Chapter 7 Bankruptcy Means Test
The deciding factor in determining who qualifies for Chapter 7 bankruptcy in Oklahoma is the Means Test, which is a financial indicator of household income. With the new income figures put into effect on March 15, 2011, households of all sizes in Oklahoma are allowed to file Chapter 7 bankruptcy with a slightly higher gross income than was previously accepted. These median income figures for Oklahoma households are as follows:
- $36,884 (one person household)
- $49,711 (two person household)
- $54,135 (three person household)
- $64,037 (four person household)
- Add $7,500 for each individual in the household over four
If a household’s gross income falls below these numbers, the individual or married couple passes the Means Test and automatically qualifies for Chapter 7 bankruptcy. In some cases, a person whose household income exceeds these figures may still qualify for Chapter 7 bankruptcy if he or she has enough allowable expense deductions to offset his or her median income, or if the projected amount of disposable income would pay less than 25% of the total unsecured debt. A person who fails the Means Tests, and does not qualify to file Chapter 7 bankruptcy, may instead decide to file Chapter 13 bankruptcy.
Chapter 13 Bankruptcy Means Test
Chapter 13 bankruptcy utilizes a repayment plan to help debtors with regular income repay all or part of their debts. A typical Chapter 13 repayment plan is 36 to 60 months long, during which you make a monthly payment to the Chapter 13 trustee, who then divides the payment among your creditors according to the court-approved repayment plan. According to the new bankruptcy law put into effect in 2005, individuals who can afford to make payments towards their debt under Chapter 13 bankruptcy can do so as long as they earn more than the median income in Oklahoma, in which case Chapter 7 bankruptcy would no longer be an option.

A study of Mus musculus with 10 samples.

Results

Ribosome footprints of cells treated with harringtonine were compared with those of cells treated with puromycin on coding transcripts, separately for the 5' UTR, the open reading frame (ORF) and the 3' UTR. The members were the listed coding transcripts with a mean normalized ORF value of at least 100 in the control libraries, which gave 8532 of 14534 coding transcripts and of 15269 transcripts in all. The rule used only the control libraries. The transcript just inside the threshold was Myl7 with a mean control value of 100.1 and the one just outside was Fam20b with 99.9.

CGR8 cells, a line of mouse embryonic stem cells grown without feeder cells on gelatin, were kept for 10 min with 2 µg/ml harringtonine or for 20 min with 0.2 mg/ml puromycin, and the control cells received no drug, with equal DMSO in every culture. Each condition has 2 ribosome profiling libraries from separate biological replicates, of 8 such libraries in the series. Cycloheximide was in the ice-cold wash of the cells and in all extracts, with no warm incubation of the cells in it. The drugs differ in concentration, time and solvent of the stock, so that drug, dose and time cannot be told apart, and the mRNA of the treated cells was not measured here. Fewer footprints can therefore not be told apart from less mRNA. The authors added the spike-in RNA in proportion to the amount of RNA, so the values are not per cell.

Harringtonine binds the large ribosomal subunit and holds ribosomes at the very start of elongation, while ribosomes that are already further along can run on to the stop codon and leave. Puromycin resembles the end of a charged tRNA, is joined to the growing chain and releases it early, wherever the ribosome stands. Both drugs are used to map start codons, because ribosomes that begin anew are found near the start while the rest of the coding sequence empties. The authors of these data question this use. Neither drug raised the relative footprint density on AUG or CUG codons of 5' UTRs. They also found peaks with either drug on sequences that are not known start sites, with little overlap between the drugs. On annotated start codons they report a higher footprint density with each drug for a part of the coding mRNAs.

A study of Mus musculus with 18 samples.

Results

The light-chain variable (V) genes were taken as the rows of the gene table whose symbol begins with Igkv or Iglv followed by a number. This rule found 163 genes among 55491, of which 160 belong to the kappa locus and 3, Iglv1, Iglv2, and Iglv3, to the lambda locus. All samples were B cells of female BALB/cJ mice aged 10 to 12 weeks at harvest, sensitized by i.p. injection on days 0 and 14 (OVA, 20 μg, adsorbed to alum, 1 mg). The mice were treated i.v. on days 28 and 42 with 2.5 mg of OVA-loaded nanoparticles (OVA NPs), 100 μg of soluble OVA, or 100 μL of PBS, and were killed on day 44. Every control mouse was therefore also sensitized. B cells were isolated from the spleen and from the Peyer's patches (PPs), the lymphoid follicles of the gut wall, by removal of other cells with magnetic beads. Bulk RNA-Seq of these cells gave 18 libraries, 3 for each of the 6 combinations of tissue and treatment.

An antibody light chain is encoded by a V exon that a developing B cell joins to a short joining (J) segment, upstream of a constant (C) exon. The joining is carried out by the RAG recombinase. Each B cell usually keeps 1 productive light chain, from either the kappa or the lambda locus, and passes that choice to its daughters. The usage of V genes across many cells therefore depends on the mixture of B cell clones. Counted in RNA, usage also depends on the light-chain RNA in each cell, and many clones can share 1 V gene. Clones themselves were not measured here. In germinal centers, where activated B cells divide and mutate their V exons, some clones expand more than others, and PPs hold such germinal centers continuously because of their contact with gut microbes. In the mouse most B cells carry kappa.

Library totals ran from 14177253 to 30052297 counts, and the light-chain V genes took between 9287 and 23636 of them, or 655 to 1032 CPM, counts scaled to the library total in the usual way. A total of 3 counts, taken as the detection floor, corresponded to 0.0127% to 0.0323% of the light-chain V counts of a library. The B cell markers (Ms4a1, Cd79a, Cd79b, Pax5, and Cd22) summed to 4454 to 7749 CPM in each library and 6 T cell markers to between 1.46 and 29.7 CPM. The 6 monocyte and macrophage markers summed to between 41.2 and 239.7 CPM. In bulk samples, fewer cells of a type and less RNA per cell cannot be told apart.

At this stage of the Means Test, the debtor’s income less living expenses is multiplied times 60; the resulting figure represents the amount of income available over a five-year period for repayment of debt obligations. If this figure is $10,000 or more, then Chapter 7 bankruptcy would be denied and Chapter 13 bankruptcy would be required. In other words, anyone earning above the state median and with at least $166.67 per month of available income will automatically be denied Chapter 7. If the individual’s income is above the median for Oklahoma, but he or she does not have at least $166.67 per month to pay towards his or her debt, the final portion of the Means Test comes into play. If the available income is below $100, Chapter 7 becomes an option; if the income is between $100 and $166.66, then it is measured against the debt as a percentage, with 25% being the benchmark.